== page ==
This year's effort to raise funds for our space advocacy program was a huge success. With the support of members and donors like you, we were able to raise over $95,000 to directly aid our critical work in Washington, D.C. to push for NASA funding and to support the national and international campaigns we organize to make sure space exploration gets the political and financial support it needs. Alongside this fundraising campaign, we also collected signatures on a petition to U.S. President Donald Trump and Democratic candidate Joe Biden asking them to prioritize NASA funding for missions that will advance space science and exploration. One thousand three hundred forty people from around the world signed this petition, showing the strength of public support for space exploration.
The New and Improved Planetary.org
Have you visited our website lately? We’ve made some big changes to planetary.org to make it easier for you to find information about missions and worlds, learn about actions you can take to advance exploration, and view reports on program activities enabled by your support. As you take a tour of the site, know that our improved ability to educate the public about space and to rally support for more exploration was made possible by your support as a member.
Defending Earth Together
Every year on 30 June, The Planetary Society teams up with the Asteroid Foundation and its global partners to mark Asteroid Day and raise public awareness of the threat of near-Earth objects that may impact Earth. This year, due to the coronavirus pandemic, Asteroid Day’s events were all online. You can check out all the great content from around the world, including a message from our CEO Bill Nye, at asteroidday.org.
Charting the Future of Exploration
The Planetary Science decadal survey is a consensus document that establishes the scientific priorities for the next 10 years of planetary exploration. This year, The Planetary Society’s Space Policy & Advocacy program submitted 2 papers to the decadal committee that would advance the organization’s goals of searching for life in the solar system and increasing our commitment to planetary defense. Our staff contributed to 3 additional papers: one focused on our ethical obligation to pursue planetary exploration, another focused on the value of small-cost missions, and a third focused on planetary defense in the upcoming era of advanced telescopic surveys. This is another great example of how The Planetary Society promotes your values in space science and exploration in every step of the process. Find the papers at planetary.org/space-policy.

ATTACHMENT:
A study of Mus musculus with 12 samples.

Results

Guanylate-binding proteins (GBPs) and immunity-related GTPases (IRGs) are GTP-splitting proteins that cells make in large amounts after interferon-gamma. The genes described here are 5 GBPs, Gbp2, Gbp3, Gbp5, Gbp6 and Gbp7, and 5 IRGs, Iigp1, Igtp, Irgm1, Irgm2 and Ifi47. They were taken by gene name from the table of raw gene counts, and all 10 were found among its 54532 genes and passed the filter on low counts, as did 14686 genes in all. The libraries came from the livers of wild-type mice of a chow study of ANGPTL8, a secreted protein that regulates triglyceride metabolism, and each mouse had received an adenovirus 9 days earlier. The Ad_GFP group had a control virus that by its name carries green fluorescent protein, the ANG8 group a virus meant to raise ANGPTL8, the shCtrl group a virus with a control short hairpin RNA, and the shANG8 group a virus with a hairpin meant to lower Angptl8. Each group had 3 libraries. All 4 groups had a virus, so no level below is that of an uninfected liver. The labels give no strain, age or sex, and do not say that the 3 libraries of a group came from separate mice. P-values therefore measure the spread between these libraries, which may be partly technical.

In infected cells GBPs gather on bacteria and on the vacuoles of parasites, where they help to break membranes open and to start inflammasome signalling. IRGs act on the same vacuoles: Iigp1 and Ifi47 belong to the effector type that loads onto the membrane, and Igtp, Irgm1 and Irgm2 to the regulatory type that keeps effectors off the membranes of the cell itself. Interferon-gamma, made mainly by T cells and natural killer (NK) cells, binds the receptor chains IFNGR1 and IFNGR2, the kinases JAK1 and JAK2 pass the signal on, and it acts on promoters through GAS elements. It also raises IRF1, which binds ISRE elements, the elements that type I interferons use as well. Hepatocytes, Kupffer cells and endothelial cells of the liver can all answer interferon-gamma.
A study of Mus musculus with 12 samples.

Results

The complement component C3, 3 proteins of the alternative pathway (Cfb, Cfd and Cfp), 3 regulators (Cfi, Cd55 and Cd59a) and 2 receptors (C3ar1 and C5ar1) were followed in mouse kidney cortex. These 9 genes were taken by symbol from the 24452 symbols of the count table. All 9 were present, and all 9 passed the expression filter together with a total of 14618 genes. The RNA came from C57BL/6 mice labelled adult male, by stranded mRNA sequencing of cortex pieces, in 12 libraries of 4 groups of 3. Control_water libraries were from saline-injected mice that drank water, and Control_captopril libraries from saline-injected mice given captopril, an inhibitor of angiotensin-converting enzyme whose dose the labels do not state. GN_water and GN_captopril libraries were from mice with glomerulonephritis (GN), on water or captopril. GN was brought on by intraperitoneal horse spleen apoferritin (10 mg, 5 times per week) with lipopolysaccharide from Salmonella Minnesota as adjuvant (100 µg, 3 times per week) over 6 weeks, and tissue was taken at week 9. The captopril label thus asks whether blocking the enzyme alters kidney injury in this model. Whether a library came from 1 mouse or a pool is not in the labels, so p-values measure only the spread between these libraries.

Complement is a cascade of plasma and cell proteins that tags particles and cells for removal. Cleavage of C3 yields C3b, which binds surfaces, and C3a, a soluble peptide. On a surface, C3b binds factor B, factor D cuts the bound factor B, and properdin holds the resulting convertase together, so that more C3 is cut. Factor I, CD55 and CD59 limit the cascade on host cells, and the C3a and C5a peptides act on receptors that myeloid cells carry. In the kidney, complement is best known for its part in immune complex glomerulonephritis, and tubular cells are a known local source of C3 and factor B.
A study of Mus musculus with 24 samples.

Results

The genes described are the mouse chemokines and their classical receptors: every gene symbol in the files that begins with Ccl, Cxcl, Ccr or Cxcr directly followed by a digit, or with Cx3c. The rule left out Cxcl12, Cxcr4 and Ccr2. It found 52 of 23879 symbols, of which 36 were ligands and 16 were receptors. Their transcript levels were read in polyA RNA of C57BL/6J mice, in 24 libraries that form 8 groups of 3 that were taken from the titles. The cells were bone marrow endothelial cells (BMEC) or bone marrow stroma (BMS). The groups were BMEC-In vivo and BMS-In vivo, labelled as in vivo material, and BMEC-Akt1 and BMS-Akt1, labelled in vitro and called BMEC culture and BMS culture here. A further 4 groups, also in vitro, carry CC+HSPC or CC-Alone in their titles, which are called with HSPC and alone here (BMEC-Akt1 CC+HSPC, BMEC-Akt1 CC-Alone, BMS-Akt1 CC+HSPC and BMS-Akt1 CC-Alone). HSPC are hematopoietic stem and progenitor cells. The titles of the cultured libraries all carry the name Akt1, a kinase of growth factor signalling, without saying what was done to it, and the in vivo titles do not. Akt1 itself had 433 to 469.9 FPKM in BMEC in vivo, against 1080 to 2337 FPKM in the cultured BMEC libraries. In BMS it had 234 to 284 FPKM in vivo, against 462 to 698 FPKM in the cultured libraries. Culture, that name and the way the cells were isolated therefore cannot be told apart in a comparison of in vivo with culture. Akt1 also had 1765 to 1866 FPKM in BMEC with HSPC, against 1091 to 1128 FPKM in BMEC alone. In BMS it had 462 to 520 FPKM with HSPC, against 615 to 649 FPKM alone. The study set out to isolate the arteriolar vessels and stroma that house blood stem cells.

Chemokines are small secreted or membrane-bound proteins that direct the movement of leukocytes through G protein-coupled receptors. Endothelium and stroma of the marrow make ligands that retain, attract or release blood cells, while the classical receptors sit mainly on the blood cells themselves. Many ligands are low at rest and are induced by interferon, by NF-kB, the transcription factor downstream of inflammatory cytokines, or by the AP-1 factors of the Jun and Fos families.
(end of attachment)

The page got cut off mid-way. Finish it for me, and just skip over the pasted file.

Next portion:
Working for Space for Everyone
A Conversation: Leland Melvin and Bill Nye Retired NASA astronaut Leland Melvin joins Bill Nye, CEO of The Planetary Society, in a wide-ranging conversation about recent space milestones and how racial inequality afflicts space exploration.
In June, the entire planet saw communities gather to demand an end to police brutality against Black people. As protests spread around the world, more people became aware of the deep systemic roots of the problem. Racism is an issue that affects every facet of society, including humanity’s endeavor to explore the cosmos. The Planetary Society is committed to working against racism. We made public statements in support of the Black Lives Matter movement and the justice it seeks for the murder of citizens like George Floyd and Breonna Taylor. We began engaging in public discussions about racism in space exploration, including a powerful conversation between our CEO, Bill Nye, and retired NASA astronaut Leland Melvin. In August, our staff took part in an intensive training session to confront how racism functions in society, in the space sector, and in even the most well-intentioned individuals. This is ongoing work, and it is every bit as challenging as it is important. We look forward to continuing to update you on our work to ensure an equitable future in space exploration for every human being on Earth.
Finding Earth-Like Exoplanets
Ever since The Planetary Society’s founding 40 years ago, members like you have moved planetary science forward by directly funding innovative science and technology projects. This year was no exception. Planetary Society members and donors came together to raise more than $62,000 for the 100 Earths project to fund the search for Earth-like exoplanets. The science teams, led by Yale University astronomer Debra Fischer, were able to buy a much-needed photonic crystal fiber (PCF), which is an ultra-sensitive cable used to transport light. Fischer’s teams are using it to send light from the Lowell Discovery Telescope and Lowell Solar Telescope in Arizona into an advanced spectrometer for exoplanet detection. The crucial concepts used in the spectrometer grew out of technology research that Planetary Society members helped fund between 2009 and 2014. “The contributions that The Planetary Society has made to exoplanets have had a huge impact on the field,” said Fischer. “I think that literally I would not be at the place that I’m at now if not for that support.” The PCF that members and donors funded will be used as part of a search for Earth-sized exoplanets around nearby stars that could have the potential to host life.